PONTE VEDRA, Florida — Mobile satellite services operator Inmarsat on Aug. 5 said its three-satellite Global Xpress broadband service will not be available globally until mid-2015 because of continued launch delays following the latest failure of Russia’s Proton rocket.

Inmarsat Chief Executive Rupert Pearce said the six-month delay, while affecting 2015 revenue, will have no effect on the business case of Global Xpress, which he said is still expected to generate $500 million in annual revenue within five years of entering global commercial service.

The first Global Xpress satellite was launched in December over the Indian Ocean region. After a period of testing, notably by U.S. special forces in Africa communicating with U.S. bases in Europe, regional commercial service started on July 1 with the U.S. government as the customer.

Global Xpress is an all-Ka-band system that broadcasts in both civil and military Ka-band frequencies. The U.S. Defense Department is viewed as a key future customer.

“The initial contributions from our early U.S. government customers comprise multimillion-dollar annual commitments,” Pearce said in a conference call with investors on the company’s financial results for the first six months of 2014.

London-based Inmarsat said that current use of the company’s classic L-band mobile satellite services fell by 38 percent, to about $96 million, in the first six months of 2014 compared with the same period last year.

Some U.S. government contracts were not renewed because of a dip in overall demand. Others were renewed at lower prices in a market that has become more competitive as Ku-band satellite operators tailor their offers to military users.

In addition, the withdrawal of U.S. forces from Afghanistan has reduced sales to U.S. military users of Inmarsat equipment.

Pearce said that nearly three months after the Russian Proton rocket failed during launch, Inmarsat still has not received the report of the Russian failure review board and thus cannot predict with any certainty when the two remaining Global Xpress satellites will be launched.

He nonetheless ventured to say that the satellites are likely to be launched, in quick succession, toward the end of this year or early in 2015, a scenario that would permit both spacecraft to complete in-orbit testing in time for commercial service by June.

Inmarsat has signed a three-launch contract with Space Exploration Technologies Corp. for launches on SpaceX’s existing Falcon 9 rocket and the future Falcon Heavy, to be introduced in 2015 according to SpaceX’s current planning.

While one of these launches could in principle be used for the third Global Xpress satellite, the options are for launch dates between the fall of 2015 and the spring of 2016. Only in the event of another major Proton launch delay would SpaceX be used for this third spacecraft, Pearce said.

Inmarsat has two other satellites on order that could be launched by SpaceX. One is a fourth Global Xpress satellite ordered from Boeing Space and Intelligence Systems of El Segundo, California, for use as a replacement in the event of a launch or other failure involving one of the first three; or to expand global service if demand warrants. The other is an S-band satellite ordered by Inmarsat in June in partnership with the Greek Hellas-Sat operator, owned by Arabsat of Riyadh, Saudi Arabia. The Inmarsat S-band payload is designed to develop a market for airline connectivity over the 28-nation European Union for commercial passengers and crews using links assured by a network of signal repeaters on the ground.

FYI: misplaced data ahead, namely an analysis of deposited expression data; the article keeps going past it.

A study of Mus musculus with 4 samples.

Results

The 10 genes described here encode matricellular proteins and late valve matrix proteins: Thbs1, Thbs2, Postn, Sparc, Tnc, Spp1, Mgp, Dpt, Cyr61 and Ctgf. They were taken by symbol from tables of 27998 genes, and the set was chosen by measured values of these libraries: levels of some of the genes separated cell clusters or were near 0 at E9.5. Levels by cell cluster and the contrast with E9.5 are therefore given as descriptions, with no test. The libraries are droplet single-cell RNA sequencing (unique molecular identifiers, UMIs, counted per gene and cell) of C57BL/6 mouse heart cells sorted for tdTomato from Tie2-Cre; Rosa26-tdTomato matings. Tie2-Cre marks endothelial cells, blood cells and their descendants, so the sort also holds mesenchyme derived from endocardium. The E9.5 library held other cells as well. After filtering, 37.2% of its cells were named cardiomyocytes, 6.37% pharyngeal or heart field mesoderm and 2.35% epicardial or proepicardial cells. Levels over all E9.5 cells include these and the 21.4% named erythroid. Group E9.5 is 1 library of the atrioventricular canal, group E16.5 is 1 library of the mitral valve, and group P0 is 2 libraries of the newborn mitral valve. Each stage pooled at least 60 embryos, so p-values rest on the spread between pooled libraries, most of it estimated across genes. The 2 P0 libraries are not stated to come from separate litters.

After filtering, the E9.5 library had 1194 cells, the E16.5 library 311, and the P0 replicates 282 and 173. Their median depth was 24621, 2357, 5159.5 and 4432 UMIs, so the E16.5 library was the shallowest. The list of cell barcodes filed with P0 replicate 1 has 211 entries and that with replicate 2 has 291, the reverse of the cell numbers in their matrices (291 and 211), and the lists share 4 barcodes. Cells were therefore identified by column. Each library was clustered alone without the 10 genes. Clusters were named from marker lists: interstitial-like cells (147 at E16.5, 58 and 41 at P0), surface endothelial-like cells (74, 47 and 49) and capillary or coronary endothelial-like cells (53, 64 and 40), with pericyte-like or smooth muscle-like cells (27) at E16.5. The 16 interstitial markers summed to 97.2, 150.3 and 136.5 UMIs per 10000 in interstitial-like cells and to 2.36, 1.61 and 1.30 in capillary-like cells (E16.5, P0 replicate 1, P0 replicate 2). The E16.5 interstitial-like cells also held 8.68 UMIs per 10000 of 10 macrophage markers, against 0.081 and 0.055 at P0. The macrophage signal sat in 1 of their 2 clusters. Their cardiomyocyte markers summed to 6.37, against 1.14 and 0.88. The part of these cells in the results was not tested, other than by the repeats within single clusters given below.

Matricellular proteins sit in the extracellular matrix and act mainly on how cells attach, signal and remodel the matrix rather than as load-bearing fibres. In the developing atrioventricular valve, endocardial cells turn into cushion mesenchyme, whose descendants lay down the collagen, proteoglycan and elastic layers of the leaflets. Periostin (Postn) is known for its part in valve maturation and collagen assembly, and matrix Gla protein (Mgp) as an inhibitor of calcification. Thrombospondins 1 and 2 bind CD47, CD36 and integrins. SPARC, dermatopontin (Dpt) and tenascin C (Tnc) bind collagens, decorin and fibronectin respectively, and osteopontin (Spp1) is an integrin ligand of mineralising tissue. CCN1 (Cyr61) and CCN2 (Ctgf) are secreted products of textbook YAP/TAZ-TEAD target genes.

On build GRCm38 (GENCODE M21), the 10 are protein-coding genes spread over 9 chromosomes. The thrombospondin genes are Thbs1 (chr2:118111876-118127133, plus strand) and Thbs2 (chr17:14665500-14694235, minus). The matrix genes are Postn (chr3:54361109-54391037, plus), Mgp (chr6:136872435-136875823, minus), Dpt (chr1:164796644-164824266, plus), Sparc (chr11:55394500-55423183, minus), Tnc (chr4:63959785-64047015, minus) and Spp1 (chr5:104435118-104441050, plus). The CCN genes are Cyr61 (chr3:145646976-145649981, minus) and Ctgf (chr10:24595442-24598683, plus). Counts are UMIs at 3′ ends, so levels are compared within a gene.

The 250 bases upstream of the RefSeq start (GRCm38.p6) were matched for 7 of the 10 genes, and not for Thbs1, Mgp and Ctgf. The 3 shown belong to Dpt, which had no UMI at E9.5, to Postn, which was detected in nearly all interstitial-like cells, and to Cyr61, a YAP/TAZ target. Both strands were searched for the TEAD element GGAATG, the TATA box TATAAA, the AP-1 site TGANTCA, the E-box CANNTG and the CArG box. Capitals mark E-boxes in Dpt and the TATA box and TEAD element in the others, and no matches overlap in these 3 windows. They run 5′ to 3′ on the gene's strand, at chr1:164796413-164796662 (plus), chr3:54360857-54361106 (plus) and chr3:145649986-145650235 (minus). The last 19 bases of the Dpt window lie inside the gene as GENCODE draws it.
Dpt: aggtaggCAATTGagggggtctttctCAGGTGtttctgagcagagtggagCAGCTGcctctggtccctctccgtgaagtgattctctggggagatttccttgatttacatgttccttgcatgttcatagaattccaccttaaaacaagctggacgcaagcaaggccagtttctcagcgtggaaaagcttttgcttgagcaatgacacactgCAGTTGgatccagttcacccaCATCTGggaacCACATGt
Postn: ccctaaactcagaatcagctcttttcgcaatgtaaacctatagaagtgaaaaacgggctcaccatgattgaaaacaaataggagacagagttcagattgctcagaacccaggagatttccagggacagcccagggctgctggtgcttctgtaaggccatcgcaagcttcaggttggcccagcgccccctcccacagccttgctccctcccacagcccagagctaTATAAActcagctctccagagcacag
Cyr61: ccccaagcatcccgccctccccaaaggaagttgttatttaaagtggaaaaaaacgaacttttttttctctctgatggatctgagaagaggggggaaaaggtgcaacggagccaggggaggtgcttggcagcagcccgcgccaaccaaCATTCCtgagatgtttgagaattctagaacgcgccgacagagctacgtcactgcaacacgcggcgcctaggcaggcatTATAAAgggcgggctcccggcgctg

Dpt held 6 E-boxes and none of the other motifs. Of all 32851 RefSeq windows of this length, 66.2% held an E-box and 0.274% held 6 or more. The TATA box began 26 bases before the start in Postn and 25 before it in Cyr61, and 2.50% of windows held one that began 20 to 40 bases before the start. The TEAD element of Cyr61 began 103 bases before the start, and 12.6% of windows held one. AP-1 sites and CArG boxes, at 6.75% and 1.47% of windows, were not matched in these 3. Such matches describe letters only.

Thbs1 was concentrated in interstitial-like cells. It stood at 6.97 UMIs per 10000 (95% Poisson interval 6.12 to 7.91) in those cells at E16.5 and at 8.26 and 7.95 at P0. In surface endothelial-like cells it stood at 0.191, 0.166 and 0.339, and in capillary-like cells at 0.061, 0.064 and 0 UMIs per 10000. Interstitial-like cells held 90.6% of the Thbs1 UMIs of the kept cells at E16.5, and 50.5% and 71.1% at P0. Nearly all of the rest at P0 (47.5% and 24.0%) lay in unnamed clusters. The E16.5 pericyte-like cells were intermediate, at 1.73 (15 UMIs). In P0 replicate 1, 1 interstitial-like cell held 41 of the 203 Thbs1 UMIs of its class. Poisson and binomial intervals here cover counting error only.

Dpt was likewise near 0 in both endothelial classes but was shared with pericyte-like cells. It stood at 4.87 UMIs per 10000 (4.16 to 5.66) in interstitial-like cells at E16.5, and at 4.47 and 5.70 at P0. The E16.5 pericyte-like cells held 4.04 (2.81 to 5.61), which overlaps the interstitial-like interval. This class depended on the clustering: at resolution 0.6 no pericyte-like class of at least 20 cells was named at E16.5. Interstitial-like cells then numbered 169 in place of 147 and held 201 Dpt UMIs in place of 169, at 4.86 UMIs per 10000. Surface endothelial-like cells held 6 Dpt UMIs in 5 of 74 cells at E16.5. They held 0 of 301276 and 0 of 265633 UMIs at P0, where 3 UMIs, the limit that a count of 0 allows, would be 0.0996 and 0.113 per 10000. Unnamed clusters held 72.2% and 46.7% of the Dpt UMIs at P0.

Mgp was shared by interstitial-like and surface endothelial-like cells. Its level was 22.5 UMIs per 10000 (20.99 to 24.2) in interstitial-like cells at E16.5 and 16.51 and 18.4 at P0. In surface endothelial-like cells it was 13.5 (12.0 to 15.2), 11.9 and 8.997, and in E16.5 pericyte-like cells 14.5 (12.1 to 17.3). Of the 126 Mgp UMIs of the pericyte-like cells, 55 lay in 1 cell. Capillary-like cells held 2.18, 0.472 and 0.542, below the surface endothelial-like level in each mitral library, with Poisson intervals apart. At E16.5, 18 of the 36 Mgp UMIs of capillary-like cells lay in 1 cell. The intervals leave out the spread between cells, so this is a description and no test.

Being built by Thales Alenia Space of France and Italy, the satellite, which Inmarsat calls EuropaSat, is scheduled for launch in late 2016. Though nominally slated to launch on the Falcon Heavy, the 5,900-kilogram satellite also could launch on a Falcon 9, Inmarsat has said.

To operate the S-band satellite-terrestrial service, Inmarsat and its future Europasat partners need to secure regulatory approval in all 28 European Union nations.

Pearce said during the call that the company has already received spectrum-use licenses in 10 nations for the satellite broadcasts, and that licenses for the elaborate network of ground repeaters, called a Complementary Ground Component, will take 12-18 months.

Inmarsat has said sharing the satellite platform and launch with Hellas-Sat/Arabsat will limit Inmarsat’s capital spending on the Europasat satellite to $200 million including construction, launch, insurance and operations.

Another $200 million to $250 million will be needed over six years for the ground network.

Pearce said Inmarsat is still undecided about whether the airline-connectivity business model for Europasat will put Inmarsat in direct contact with users, or whether the airlines will want to market the service directly to their customers.

“We have no particular desire to reach all the way through and become a consumer-oriented business,” Pearce said, noting Inmarsat’s history as a wholesaler accustomed to dealing with corporate and government customers.

Peter B. de Selding was the Paris bureau chief for SpaceNews.